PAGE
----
Were 250 to 300 Salamanders Stolen Or Eaten From a Texas Aquatic Resource Center?

HomeBig BoxesMore Reptile Reading

Were 250 to 300 Salamanders Stolen Or Eaten From a Texas Aquatic Resource Center?

Officials are baffled at the disappearance of so many salamanders.

Reptile Vet Safely Removes Hot Wheel From Pet Lace Monitor
House Geckos Can Walk On Water, Researchers Show In Video
Olive Sea Snake Senses Light Through Its Tail, Avoiding Predation, Study Says

How did 300 or so salamanders disappear from their tanks at the San Marcos Aquatic Resources Center, a place where they are supposed to be kept safe in the event of a catastrophe to their populations in the wild? 

That is what officials with the facility, and the San Marcos Police Department want to know, because they didn’t just vanish into thin air.


“Given that it’s an ongoing investigation, we don’t have additional information to share at this time,” Lesli Gray, a U.S. Fish and Wildlife Service spokeswoman told My Statesman.

According to My Statesman, about 250 and 300 endangered Texas blind salamanders cannot be accounted for at the San Marcos Aquatic Research Center. The amphibians disappeared over the Thanksgiving holiday and officials aren’t sure if they were stolen or if a predator opened the tops of each of the tanks and ate them.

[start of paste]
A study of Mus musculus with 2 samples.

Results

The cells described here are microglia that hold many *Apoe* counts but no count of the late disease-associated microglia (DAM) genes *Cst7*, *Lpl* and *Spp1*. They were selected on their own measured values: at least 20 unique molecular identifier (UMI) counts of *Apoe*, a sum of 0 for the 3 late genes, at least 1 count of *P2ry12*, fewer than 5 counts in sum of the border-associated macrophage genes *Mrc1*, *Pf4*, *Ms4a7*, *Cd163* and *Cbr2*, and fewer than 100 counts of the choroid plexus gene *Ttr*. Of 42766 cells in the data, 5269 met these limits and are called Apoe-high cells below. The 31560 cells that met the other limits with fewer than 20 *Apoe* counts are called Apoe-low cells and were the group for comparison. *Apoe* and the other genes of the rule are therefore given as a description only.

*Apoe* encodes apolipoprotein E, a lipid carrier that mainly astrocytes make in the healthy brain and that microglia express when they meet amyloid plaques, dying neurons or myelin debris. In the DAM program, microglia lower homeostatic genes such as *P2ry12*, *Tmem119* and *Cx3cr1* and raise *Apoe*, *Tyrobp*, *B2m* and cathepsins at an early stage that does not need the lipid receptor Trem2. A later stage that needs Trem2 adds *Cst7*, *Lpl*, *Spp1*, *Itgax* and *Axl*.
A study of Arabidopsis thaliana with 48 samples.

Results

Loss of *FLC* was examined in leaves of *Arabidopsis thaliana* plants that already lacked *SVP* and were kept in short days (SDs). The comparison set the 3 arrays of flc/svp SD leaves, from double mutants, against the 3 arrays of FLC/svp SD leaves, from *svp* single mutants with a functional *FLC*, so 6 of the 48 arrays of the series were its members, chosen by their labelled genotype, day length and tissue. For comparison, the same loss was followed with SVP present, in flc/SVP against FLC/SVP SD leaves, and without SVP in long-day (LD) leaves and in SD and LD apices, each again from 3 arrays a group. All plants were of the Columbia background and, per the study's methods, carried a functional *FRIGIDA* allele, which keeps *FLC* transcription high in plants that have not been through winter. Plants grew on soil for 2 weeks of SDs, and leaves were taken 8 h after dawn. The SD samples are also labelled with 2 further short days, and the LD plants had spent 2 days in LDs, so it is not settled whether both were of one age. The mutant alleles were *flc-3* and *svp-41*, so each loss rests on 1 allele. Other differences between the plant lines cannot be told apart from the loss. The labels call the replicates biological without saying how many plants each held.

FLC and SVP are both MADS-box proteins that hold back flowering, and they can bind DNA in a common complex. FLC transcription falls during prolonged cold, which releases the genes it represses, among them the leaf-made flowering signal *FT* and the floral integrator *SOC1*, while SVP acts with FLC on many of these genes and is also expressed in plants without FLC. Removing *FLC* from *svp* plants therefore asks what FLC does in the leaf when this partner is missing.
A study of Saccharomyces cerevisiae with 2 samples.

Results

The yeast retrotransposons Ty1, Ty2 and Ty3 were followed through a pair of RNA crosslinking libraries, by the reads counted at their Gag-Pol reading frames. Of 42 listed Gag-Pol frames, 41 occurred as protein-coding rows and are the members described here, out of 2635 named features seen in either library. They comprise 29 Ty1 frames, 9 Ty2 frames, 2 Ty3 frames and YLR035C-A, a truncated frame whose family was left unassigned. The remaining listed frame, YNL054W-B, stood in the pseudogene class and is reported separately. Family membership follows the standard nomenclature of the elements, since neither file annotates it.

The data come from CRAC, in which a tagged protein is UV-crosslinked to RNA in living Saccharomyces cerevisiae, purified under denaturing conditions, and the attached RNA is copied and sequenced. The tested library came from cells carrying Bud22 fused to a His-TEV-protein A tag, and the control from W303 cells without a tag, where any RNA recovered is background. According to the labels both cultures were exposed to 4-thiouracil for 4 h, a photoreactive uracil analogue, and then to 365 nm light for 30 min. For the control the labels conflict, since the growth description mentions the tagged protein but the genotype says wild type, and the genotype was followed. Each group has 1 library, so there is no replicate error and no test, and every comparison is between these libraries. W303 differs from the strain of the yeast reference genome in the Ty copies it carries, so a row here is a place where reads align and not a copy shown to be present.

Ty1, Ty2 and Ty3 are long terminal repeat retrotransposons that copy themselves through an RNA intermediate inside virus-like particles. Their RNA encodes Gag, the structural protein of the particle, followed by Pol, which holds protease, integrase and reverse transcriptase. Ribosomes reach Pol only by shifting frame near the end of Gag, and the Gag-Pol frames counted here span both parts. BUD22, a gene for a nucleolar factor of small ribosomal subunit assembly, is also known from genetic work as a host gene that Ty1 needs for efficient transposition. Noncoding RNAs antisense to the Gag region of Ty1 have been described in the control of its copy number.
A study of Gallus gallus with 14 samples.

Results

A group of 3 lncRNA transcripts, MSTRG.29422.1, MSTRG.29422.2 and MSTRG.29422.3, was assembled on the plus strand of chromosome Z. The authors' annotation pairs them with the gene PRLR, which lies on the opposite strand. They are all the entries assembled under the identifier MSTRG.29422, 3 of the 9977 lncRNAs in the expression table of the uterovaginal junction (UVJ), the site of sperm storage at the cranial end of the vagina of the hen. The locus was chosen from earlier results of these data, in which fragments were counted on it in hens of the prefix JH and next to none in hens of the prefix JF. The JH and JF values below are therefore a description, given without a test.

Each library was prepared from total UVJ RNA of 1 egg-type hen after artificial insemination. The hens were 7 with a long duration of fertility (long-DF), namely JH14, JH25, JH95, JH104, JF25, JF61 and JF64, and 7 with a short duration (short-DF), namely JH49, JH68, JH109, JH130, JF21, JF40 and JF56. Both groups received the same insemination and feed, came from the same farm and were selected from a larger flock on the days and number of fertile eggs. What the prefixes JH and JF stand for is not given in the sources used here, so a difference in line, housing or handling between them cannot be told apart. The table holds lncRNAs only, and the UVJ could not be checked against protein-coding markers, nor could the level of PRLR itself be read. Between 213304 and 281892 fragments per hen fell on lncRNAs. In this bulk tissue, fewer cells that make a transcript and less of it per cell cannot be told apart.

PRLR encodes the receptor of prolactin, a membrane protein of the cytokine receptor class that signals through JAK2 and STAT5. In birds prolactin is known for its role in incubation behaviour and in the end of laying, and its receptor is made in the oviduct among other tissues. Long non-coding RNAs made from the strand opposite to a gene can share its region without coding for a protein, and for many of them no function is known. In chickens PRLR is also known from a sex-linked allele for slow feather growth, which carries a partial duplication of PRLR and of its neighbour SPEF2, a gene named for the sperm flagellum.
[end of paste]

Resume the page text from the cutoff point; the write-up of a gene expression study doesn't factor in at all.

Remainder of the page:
Not all the salamanders disappeared, but the stock has been reduced dramatically in San Marcos. The nearby city of Austin has its own backup population of about 500 Barton Springs and Austin blind salamanders in the event something like an oil or sewage spill threatens the wild populations in the city, but the disappearance of the San Marcos salamanders has everyone on high alert, according to My Statesman.

“We have a very secure facility right now,” Nathan Bendik, a senior environmental scientist for the city of Austin Watershed Protection Department told My Statesman. “Staff are on heightened alert for anything out of the ordinary, but we feel confident in our security.”

Salamanders in Texas have been designated as endangered species, though one congressman several years ago opposed listing them as doing so could stop develpoment in some cities in Texas.